Fontella Bass, July 3, 1940-Dec. 26, 2012

Here is the beginning of an appreciation of the R&B singer Fontella Bass from Los Angeles Times’ Pop Critic Randall Roberts:

Any appreciation of soul singer Fontella Bass, who died Wednesday at age 72, must first acknowledge “Rescue Me,” the propellant 1965 R&B banger that became her signature. But equally vital in her — and the American — pantheon is “Theme de Yoyo,” her rousing vocal turn during the free jazz collective Art Ensemble of Chicago’s 1970 album “Les Stances a Sophie.” Continue Reading…

Here is a link to Theme de Yoyo.

The Telegraph has an interesting obit which lays out Bass’ career and makes the point that she and Bobby McClure (with which she sings Don’t Mess Up a Good Thing, below) were teamed on more than one song by Chess Records. The obit also says that her big hit — Rescue Me, above — was recorded after Don’t Mess Up A Good Thing Here is the part of the piece that discusses Rescue Me, and the unfortunate aftermath, which unfortunately is not uncommon:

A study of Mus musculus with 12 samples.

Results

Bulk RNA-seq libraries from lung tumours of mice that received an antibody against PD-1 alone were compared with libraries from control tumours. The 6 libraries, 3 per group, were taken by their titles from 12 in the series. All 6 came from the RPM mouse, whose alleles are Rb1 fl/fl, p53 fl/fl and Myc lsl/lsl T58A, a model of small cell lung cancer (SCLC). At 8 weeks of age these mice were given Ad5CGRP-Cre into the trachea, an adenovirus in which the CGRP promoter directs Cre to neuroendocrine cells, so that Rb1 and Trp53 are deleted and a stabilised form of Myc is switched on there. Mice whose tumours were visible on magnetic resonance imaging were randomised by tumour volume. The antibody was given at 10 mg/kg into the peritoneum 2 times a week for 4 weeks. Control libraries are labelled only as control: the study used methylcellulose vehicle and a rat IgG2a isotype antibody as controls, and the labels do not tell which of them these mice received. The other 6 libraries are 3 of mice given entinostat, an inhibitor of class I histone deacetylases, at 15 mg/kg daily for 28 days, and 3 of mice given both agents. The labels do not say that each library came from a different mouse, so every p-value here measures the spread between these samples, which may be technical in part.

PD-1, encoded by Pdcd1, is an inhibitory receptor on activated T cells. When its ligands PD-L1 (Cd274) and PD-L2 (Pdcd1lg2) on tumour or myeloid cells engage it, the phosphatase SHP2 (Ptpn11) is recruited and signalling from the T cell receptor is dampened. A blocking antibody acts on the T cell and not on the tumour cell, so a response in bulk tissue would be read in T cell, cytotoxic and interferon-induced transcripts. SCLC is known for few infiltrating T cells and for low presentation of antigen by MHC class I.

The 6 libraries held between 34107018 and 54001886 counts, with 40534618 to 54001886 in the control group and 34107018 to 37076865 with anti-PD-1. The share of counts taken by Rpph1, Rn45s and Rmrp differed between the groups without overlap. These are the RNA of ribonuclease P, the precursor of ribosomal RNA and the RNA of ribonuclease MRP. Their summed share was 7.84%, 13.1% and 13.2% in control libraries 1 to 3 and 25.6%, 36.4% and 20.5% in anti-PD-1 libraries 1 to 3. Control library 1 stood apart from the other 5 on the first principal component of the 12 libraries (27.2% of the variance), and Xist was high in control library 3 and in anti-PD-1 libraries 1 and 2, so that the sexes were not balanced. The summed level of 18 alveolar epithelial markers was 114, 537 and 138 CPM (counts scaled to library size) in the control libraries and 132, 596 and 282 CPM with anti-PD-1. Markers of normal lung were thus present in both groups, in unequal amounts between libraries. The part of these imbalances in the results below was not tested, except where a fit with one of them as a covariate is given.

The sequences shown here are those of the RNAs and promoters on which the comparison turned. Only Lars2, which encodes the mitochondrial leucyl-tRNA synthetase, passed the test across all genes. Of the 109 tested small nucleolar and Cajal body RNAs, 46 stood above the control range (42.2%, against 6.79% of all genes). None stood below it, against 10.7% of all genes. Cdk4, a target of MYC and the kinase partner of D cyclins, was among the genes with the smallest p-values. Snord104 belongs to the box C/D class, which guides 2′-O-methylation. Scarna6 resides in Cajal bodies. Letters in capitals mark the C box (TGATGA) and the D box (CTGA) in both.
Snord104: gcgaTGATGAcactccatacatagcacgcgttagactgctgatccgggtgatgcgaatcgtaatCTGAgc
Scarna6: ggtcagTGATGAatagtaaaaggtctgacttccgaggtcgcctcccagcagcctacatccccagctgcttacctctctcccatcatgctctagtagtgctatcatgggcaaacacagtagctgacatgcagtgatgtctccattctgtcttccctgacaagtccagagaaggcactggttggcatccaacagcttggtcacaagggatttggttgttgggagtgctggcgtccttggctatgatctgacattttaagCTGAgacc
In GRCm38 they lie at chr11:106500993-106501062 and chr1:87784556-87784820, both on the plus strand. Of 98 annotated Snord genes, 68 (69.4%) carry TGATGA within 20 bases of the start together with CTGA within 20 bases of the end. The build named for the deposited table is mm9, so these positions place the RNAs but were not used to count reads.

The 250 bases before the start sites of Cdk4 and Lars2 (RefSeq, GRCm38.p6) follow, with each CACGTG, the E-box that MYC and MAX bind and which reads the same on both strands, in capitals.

Tom Jones, Cher and Aretha Franklin, among many others, have made their own recordings of the hit. But its success did not always profit Fontella Bass. She once claimed that when her record label, Chess, presented her with a royalties cheque for Rescue Me, the sum was so insignificant that she tore it up. In 1990, living in near-poverty, she heard the song on an American Express advertisement. Forced to sue for its unauthorised use and a share of the songwriting royalties, she eventually won the day in court. Continue Reading…

Here’s What’s Here

The Daily Music Break explores every genre of music, from hip hop to opera. It's simple: Boundaries are dumb. It's all good. Here is more about the site and here is our index:

--A Tribe Called Quest to The Dick Hyman Trio (In other words, A to H)

--Indigo Girls to Queen Ida (I to Q)

--Radiohead to ZZ Top (R to Z)

Reading Music

The stories of the great bands and musicians are fascinating. Musicians as a group are brilliant, but often troubled. The combination of creativity and drama makes for great reading.

Here are some books to check out.

Duke Ellington brought class, sophistication and style to jazz which, until that point, was proudly unpolished and raucous. His story is profound. The author, Terry Teachout, also wrote "Pops," the acclaimed bio of Louis Armstrong. Click here or on the image.



David Dodd's exhaustive study tells the story, song by song. Click here or on the image.